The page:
Florida Gambling Amendment Likely to Reach Ballot in November
Posted on: January 9, 2018, 06:00h.
Last updated on: January 9, 2018, 05:18h.
Groups attempting to push a constitutional amendment to give voters control over gambling expansion in Florida have nearly collected enough signatures to put their proposal on the state ballot this November.
The Voter Control of Gambling in Florida initiative had collected over 725,000 valid signatures, close to the 766,200 it would need to submit by February 1 to get their question on the deadline.
The amendment must also hit target numbers of signatures in 14 of the state’s congressional districts, and has so far done so in at least a dozen, according to the Florida Division of Elections.
The proposed amendment would hand ultimate control over future gambling expansion in the state to voters. The amendment gives voters the “exclusive right to decide whether to authorize casino gambling” in Florida, meaning that any new commercial casinos or expanded game selections at existing venues would be subject to a popular vote throughout the state.
Disney, Seminoles Powering Effort
The proposal is being backed by a political committee called Voters in Charge, which has spent nearly $5 million on the effort to pass the amendment so far.
The financial backing has come primarily from Disney and the Seminole Tribe of Florida, both of which oppose expanded commercial gaming.
For the Seminole Tribe, the opposition is obvious: expanded gambling throughout the state would bring in new competition for their existing casinos, which are authorized under a compact between the tribe and the state government.
But Disney also opposes gaming expansion, seeing casino resorts in South Florida as a potential serious threat to their tourism empire in Orlando, as well as something that could weaken their ability to attract families to the region.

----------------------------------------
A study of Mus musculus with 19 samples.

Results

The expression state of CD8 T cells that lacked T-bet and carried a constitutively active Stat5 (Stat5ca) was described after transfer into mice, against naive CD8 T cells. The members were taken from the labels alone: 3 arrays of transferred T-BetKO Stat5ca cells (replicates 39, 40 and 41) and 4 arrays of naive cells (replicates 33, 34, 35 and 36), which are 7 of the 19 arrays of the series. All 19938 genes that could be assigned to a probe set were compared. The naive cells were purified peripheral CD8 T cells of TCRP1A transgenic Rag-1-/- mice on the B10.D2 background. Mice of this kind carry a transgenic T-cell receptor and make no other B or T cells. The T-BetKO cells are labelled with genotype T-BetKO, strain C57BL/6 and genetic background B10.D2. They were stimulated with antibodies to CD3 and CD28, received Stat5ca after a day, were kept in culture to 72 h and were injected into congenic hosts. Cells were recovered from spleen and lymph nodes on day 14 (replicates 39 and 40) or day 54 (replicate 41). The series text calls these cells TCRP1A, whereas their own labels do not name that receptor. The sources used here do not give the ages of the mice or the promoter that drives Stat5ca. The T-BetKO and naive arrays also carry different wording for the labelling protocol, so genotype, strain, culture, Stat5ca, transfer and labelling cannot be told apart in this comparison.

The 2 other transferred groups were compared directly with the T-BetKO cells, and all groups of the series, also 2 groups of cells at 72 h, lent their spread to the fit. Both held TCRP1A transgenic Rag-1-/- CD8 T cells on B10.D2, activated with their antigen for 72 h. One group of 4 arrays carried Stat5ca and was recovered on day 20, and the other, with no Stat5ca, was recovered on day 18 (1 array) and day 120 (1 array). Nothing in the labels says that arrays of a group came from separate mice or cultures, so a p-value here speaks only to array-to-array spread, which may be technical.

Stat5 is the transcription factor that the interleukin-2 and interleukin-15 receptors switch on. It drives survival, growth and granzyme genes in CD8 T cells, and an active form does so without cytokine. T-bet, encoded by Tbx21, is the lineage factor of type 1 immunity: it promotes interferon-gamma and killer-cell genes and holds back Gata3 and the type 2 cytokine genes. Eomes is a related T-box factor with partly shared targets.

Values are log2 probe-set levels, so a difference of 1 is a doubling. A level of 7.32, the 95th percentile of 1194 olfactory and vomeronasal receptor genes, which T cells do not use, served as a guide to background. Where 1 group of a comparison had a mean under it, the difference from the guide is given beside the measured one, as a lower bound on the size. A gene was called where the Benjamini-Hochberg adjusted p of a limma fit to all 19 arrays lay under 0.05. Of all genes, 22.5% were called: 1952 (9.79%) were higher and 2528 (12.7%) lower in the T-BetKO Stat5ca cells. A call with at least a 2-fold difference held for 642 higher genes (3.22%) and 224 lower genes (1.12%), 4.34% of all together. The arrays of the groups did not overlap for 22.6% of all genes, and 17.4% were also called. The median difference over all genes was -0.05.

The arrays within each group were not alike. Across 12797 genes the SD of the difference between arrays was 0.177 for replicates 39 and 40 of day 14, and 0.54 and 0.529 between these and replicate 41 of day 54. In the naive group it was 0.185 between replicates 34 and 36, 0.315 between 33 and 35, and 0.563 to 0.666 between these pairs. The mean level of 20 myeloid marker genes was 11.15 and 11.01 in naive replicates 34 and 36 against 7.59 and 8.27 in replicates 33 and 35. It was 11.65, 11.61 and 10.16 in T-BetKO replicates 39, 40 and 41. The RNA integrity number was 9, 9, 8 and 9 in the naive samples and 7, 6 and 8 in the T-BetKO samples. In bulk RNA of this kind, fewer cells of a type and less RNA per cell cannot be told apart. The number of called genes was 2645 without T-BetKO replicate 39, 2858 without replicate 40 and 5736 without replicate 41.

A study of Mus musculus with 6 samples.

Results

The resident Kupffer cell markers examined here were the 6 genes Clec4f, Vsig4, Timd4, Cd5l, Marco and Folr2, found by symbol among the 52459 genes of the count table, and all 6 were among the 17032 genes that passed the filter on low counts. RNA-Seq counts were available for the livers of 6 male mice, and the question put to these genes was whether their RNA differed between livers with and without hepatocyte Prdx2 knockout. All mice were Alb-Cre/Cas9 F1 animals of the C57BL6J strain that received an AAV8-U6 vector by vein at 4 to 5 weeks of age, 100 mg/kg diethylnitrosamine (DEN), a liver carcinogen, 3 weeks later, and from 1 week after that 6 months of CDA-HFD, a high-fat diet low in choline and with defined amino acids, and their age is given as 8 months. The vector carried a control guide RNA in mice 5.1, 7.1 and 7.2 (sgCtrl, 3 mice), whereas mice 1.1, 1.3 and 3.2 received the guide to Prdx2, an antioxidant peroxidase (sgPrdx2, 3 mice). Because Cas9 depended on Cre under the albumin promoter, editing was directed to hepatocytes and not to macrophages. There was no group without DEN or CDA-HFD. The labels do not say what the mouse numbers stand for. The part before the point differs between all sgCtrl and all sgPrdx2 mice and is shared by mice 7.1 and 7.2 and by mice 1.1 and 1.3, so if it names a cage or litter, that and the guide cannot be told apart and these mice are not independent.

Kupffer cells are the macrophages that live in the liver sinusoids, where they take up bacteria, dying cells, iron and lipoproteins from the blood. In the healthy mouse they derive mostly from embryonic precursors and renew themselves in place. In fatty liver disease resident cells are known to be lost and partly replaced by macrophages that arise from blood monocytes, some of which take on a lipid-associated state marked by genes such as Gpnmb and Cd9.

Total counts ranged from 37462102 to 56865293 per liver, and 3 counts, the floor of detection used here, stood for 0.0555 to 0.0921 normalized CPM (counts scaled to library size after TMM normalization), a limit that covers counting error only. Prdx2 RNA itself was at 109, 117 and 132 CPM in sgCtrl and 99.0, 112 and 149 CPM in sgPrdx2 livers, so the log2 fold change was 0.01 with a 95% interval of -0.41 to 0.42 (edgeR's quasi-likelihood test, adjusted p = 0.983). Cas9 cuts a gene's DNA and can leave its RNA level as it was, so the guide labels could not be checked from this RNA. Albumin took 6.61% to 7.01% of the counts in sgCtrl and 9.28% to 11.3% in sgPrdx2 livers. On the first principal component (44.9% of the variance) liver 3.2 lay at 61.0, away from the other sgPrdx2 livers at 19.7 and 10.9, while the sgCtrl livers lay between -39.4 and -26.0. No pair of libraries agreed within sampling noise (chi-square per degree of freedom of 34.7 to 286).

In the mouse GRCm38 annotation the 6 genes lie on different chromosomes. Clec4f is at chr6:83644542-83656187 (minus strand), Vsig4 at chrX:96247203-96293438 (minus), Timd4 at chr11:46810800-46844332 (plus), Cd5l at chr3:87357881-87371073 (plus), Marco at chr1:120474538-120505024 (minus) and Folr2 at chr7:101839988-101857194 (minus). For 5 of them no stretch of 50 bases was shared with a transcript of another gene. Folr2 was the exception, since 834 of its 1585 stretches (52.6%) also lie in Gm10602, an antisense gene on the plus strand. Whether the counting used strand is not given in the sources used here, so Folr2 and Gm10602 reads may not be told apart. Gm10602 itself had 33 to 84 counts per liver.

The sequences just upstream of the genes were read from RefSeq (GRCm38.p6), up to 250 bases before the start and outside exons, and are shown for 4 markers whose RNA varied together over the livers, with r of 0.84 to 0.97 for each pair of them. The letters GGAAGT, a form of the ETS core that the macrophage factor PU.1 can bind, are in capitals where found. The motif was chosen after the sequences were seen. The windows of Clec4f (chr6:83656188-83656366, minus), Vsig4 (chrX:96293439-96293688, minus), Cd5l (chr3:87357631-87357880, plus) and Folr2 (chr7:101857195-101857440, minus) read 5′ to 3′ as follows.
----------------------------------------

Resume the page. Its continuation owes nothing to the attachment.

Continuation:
The proposed amendment to state law has already faced challenges before the signature campaign even began. Last April, the State Supreme Court had to rule on whether the amendment’s wording was appropriate, ultimately coming down 4-2 in favor of the proposed language.
Opponents Say Amendment Would Cause Legal Confusion
Assuming that the initiative can collect the remaining necessary signatures in January, Florida voters are likely to be bombarded with campaigns on both sides of this issue.
While supporters of the initiative say that giving voters control over gaming expansion will help preserve the intent of Florida’s constitutional ban on gambling, there are also those who say it would only cause more confusion and lead to endless lawsuits over games that are currently considered legal.
“All this does is shift the issue from the Legislature to the courts,” attorney Marc Dunbar told the Orlando Sentinel last summer. “It’s a parade of uncertainty.”
If the proposal does appear on ballots in November, it will have one more major hurdle to clear. To pass a constitutional amendment, a supermajority of 60 percent of voters will have to come out in support of the measure.